No XL? 4

Screenshot 2017-05-05 at 3.34.27 PM

Kelsey Bisetti


With all the recent drama concerning TrumpCare, the wall, and the travel ban, the Keystone XL Pipeline kind of got swept under the rug. But that doesn’t mean it isn’t a serious controversy.

Keystone XL is a direct oil pipeline running from Alberta, Canada to Steele City, Nebraska. As opposed to the old pipeline mimicking this one, this is a much faster route, raking in about 3,486,000 gallons of oil a day.

Construction would employ about 28,000 workers and ease dependance on the Middle East. Not to mention, the increased availability of supplies would lead to lower prices for customers.

Despite its many bright sides, this is a highly disputed issue. Protesters have been standing outside government buildings with signs and chants of “No XL.”

One reason for this is Environment Canada has found many industrial chemicals to be contaminating ground water, as well as the Athabasca River. This would pose a serious threat to many local communities.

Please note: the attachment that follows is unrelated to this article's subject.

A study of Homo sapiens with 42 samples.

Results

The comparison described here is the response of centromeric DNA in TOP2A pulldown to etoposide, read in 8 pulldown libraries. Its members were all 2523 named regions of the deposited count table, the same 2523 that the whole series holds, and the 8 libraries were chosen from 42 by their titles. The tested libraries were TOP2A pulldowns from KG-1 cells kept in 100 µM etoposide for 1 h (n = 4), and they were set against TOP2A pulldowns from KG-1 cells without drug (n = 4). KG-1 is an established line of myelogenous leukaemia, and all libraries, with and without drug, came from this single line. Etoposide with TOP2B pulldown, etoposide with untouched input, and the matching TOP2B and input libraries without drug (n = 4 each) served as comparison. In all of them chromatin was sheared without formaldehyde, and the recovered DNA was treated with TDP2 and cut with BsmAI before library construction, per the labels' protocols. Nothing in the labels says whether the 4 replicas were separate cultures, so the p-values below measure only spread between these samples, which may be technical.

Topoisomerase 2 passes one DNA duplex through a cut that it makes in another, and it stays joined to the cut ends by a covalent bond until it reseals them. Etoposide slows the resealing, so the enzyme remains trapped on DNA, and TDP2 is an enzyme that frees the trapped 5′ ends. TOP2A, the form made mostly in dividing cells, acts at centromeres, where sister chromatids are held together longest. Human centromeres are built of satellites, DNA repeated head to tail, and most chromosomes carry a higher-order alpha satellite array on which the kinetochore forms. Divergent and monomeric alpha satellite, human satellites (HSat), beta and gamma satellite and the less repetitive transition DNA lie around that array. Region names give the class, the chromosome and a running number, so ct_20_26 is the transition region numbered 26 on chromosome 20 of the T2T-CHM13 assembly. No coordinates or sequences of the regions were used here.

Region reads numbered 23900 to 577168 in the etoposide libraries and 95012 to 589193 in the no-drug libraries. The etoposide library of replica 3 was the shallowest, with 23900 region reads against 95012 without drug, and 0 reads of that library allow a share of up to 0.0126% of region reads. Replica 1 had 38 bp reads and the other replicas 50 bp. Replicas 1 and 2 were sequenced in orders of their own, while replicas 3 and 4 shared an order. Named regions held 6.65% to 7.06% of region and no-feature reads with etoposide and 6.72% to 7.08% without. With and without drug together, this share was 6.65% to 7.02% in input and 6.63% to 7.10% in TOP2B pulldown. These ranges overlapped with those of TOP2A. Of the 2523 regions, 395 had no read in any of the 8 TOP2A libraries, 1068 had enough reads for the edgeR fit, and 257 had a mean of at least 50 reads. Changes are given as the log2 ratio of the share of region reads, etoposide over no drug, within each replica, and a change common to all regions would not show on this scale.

Unfortunately or thankfully, depending on whom you ask, on Friday, March 24, President Trump issued the final permit necessary to begin construction. The Environmental Protection Agency, however, had advised him strongly not to do so.

According to former President Obama, this pipeline will not lower gasoline prices for the public, create long-term employment, or decrease energy dependence. This, of course, presents the question of who to believe. Every news site and political official will make a different claim, causing serious confusion concerning these claims.

It has been shown, though, that, once construction has been completed, only about 35 workers would find it to be a permanent employment.

There are currently too many protests and upcoming steps for a proper time frame, but more updates will be coming soon.